MGEU rally to raise awareness of issues home care workers face
Winnipeggers have to wait an average of 37 days for home care, audit report finds
The union representing Manitoba's public-sector home care workers will rally outside the Winnipeg Regional Health Authority's office this morning to raise awareness of concerns that are echoed in an audit of the province's home care system.
The auditor general's report says Winnipeggers are having to wait an average of 37 days for home care — a service that is supposed to help clients stay out of hospitals and personal care homes.
"There is no standard for whether it should be 10 days, 20 days, 30 days," Auditor General Norm Ricard said on Wednesday, when the report was released.
The Manitoba Government and General Employees' Union is holding a rally outside the WRHA's Main Street office on Thursday morning to draw attention to the concerns that home care workers in the public sector face.
"We're concerned with some of the auditor's findings and a lot of the findings actually just echo what we've been saying — the task times is an issue, scheduling is an issue," MGEU president Michelle Gawronsky told CBC News.
Gawronsky said, for example, home care workers are often required to work 9½ hours a day but they get paid for only eight hours.
She added that an aging population means the problems that the home care system currently has could get worse.
"I think it's imperative upon the RHAs [regional health authorities] as well as government to anticipate what's coming in the future and to ensure that we've got consistent care is being provided, and the way to do that is to ensure you've got permanent full-time staff," Gawronsky said.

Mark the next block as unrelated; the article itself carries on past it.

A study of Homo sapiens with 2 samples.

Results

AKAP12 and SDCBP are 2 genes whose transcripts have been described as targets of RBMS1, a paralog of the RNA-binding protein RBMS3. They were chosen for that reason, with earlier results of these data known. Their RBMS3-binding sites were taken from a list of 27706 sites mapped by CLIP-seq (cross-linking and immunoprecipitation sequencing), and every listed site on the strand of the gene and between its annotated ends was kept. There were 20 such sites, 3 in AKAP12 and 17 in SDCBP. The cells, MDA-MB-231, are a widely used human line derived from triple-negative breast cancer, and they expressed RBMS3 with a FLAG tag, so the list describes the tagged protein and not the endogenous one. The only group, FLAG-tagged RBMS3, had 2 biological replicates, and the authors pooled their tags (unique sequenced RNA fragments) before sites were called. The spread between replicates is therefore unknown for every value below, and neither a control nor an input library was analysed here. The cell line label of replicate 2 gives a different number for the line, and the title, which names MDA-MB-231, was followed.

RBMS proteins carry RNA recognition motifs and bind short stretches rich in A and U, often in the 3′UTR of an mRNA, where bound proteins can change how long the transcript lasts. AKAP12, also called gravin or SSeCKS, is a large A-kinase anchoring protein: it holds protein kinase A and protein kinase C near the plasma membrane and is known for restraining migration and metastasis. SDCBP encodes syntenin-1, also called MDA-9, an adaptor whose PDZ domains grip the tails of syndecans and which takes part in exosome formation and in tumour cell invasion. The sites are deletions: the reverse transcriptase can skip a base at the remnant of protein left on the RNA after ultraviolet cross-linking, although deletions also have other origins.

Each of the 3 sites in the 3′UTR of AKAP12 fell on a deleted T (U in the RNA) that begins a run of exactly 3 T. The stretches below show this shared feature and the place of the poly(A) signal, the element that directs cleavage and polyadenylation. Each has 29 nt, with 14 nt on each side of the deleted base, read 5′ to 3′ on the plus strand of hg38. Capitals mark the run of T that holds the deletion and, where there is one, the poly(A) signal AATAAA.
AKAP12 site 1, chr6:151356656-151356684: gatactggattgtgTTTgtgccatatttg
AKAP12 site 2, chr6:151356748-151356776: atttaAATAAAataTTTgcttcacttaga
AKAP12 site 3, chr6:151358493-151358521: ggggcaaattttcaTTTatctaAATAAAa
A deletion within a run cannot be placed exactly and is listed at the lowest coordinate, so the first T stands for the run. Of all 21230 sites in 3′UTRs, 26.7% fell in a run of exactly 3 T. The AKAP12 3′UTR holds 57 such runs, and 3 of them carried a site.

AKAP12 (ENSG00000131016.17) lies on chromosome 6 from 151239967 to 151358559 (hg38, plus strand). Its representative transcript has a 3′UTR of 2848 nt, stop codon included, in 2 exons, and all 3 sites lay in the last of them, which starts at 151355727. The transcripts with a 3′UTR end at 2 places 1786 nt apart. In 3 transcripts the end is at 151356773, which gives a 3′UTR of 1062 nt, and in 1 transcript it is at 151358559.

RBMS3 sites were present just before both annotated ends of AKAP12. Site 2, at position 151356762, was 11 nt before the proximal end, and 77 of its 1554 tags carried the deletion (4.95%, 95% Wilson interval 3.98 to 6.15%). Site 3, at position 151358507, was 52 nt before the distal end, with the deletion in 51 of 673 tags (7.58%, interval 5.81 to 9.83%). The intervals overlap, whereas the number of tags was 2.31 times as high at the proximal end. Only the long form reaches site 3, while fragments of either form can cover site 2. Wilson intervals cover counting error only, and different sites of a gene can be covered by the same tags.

The MGEU notes that home care workers have been without a contract for more than two years.
'We need each other,' says private operator
Some of the auditor general's concerns and recommendations make sense to those who deliver home care in the private sector.
Katherine Peters, president of Winnipeg-based Comforts of Home Care Inc., says Manitoba has some of the best home care benefits in Canada, but the delivery system could use improvements.
She said both the public and private sectors need to work together toward providing better services.
"It needs to not be, 'Oh well, we can never refer to you because we're public and you're for-profit.' That whole mindset needs to change," she said.
"We need each other, and we need to go back and forth and we need to give people the services they really need."
Peters said the current average wait time of 37 days in Winnipeg is a problem, as wait times are a critical issue among the elderly.
"I had a 96-year-old man tell me, 'I was put on a waiting list, they told me it's going to be months.' He says, 'I'm 96. I don't have time to wait,'" she said.
"People who need help, they don't call because they need help in a few months."
The biggest challenge facing both public and private sectors is staffing, Peters said, noting that there is not enough people who are qualified to work in the home care field.
She agreed that an aging population is creating a growing demand. Peters said she started her company in September 2005 with six staff, "and today we have well over 260 caregivers."